The business of relationships

Which came first – the chicken or the egg? That’s an ages old philosophical question. The same can be asked about personal relationships and business relationships. The way people arrange who they spend time with parallels how companies structure their manner of doing business.

This is not to suggest that people enter relationships strictly as business transactions. However, there are correlations.

Bachelorhood = Sole Proprietorship

Bachelorhood… the sole-proprietorship of the relationship world. No registration needed. No certification necessary. Sole proprietorship is created simply by being single. We’re born into it. It’s natural. With no obligations, the bachelor – much like the sole proprietor – pretty much invests his time in any way he likes. He can go to bed early, wake up late, eat, not eat, sleep around, sleep alone. The bachelor confers with no one, thus is personally liable for all matters great and small, be it in the black or in the red. The world is his oyster, and he can suck it down any way he likes.

Living Together  = Partnership

Don’t want to be alone but not ready for full commitment? Then living together is the way to go. It’s the relationship version of a business partnership. In both cases, no paperwork needs to be filed in order to make the affiliation recognized. The arrangement begins as soon as the interested parties decide to co-habitat. In business, the partnership consists of two or more people. The same can be said for those living together depending on the state or country as well as the mind-set of the parties involved. Want one bed mate? Not a problem. Want more? Why the hell not.

© Spinyant | Dreamstime.com

© Spinyant | Dreamstime.com

Corporation = Marriage

So, you’re ready to take the plunge. You’ve decided to make this relationship formal. You’re getting married. Creating a corporation is what they call it in the business world. It’s a little more complicated and less loosy-goosy than a partnership.  There’s paperwork to be filed, possibly lawyers to get involved. You’re in an official commitment now. You might think it is well worth the trouble, and you may be right. On the plus side, you may be eligible for some tax breaks. On the minus side, since this tie is official, you can’t just walk away.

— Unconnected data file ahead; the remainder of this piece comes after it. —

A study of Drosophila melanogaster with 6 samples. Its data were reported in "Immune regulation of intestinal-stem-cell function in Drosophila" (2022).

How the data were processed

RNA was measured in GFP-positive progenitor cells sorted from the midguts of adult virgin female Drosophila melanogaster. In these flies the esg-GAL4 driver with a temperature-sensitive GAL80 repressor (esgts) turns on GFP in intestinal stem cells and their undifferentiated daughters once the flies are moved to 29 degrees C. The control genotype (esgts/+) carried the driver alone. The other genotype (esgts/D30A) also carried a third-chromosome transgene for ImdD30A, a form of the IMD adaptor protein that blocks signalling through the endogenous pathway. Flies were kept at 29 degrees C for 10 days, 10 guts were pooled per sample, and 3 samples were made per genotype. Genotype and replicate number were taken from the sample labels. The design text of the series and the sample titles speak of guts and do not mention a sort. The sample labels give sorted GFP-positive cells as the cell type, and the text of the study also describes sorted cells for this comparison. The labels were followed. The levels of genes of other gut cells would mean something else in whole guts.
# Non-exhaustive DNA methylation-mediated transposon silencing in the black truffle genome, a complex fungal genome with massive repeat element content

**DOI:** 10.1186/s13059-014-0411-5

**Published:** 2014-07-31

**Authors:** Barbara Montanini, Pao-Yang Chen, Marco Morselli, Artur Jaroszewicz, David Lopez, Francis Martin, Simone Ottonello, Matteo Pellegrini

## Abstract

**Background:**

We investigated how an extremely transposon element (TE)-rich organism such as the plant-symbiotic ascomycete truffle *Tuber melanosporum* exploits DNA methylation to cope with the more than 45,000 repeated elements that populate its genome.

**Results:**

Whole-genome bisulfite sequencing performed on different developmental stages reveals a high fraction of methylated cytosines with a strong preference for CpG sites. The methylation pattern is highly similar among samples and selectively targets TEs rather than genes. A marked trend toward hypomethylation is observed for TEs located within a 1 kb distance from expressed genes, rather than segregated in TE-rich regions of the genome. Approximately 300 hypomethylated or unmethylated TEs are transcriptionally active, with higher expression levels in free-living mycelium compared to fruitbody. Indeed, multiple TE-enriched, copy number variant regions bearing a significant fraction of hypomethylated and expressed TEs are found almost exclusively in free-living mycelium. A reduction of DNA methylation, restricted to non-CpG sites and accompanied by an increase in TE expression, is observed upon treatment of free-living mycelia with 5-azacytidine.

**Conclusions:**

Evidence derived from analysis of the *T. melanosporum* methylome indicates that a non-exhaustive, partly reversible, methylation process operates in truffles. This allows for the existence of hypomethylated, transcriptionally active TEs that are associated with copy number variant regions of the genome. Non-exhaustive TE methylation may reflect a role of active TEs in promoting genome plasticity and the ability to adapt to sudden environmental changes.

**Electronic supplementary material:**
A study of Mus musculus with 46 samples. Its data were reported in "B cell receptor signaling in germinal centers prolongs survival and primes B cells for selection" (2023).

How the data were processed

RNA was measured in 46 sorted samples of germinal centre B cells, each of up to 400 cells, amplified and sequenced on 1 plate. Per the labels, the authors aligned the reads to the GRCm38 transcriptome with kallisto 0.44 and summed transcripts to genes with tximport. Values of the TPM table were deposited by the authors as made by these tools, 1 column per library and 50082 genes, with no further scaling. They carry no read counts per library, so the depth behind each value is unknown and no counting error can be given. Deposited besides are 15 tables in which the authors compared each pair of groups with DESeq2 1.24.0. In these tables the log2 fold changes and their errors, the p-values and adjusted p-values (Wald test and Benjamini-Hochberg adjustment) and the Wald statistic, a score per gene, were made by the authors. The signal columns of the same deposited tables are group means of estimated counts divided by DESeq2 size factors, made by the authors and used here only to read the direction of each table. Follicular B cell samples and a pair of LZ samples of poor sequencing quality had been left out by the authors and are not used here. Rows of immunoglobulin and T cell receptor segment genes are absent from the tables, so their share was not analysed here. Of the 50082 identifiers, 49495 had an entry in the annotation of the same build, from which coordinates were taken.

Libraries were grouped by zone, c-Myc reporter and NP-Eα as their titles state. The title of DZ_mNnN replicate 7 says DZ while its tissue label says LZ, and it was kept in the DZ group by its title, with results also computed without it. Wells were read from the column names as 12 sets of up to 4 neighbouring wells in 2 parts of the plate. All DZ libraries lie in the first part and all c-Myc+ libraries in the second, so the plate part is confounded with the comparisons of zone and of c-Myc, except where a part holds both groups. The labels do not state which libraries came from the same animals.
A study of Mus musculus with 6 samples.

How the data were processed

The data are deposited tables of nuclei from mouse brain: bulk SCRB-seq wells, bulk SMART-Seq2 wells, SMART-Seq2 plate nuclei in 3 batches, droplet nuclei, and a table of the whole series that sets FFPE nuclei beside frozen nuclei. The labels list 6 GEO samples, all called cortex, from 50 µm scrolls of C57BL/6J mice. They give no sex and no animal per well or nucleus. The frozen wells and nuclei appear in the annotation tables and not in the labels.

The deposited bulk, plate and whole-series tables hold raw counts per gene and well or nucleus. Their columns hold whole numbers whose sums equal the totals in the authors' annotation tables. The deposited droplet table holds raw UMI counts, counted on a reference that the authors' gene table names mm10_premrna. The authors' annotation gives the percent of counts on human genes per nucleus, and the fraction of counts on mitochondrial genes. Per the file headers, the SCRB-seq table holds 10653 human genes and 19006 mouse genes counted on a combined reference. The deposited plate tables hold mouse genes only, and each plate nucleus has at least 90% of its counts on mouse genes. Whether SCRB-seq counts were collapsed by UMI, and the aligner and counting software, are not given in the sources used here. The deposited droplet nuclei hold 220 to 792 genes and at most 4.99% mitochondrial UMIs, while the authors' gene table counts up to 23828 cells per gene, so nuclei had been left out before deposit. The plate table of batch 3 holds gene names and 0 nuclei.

Nonprofit Corporations = Family

There’s nothing more charitable than having a family. You’re giving life, boosting the population (a noble gesture if you come from a country where the population is in decline), and helping the economy grow. The list of volunteer “do-goodisms” goes on. Face it, you’re a nonprofit corporation.  In either case, and despite the tax incentives given because of the good both do for society, they rarely end up in the black. For families in particular, it always seems like more money is going out than coming in – and that’s before college. You can never get ahead. Both can be frustrating ventures, but they can also be quite rewarding, enriching people’s lives.

Cooperatives = Open Marriage

And then there’s the open marriage, called a cooperative in the business world. Owned democratically, it has a grassroots/trippy hippy vibe to it, and is sometimes referred to as a collective, which sounds very similar to a group love-in. This sort of cohabitation can be pretty much whatever those involved decide it to be. It can involve food, books, clothing, toys, etc. There do tend to be specific laws for these sorts of arrangement. Overall, both cooperatives and open marriages have a rather casual, informal air about them. They sound kind of groovy, in a 60s sort of way.

Divorce = Bankruptcy/Insolvency

Sometimes things go belly-up. For a variety of reasons, the relationship doesn’t work out. You’re giving up more than you’re getting, and it’s time to sever the ties legally. That, my friend, is called divorce, bankruptcy in the business world. Maybe at first you claim to be insolvent.  In this case there’s no need to involve the courts or be so official about it. You can implement a self-imposed trial separation. You’re apart just not lawfully apart. In either case, the  union isn’t working out, and it’s time to call it splitsville, at least for the short term.

So, to put a spin on the ancient philosophical question, which came first the business relationship or the personal relationship? It’s a non-issue, really. Both relate to the way a person chooses to interact and form associations with others.  And in both relationships, the goal is to make an investment grow and prosper rather than depreciate or dissolve.

By Dan Franch, February 2014. Dan is also a columnist and cartoonist for wort.lu/eng.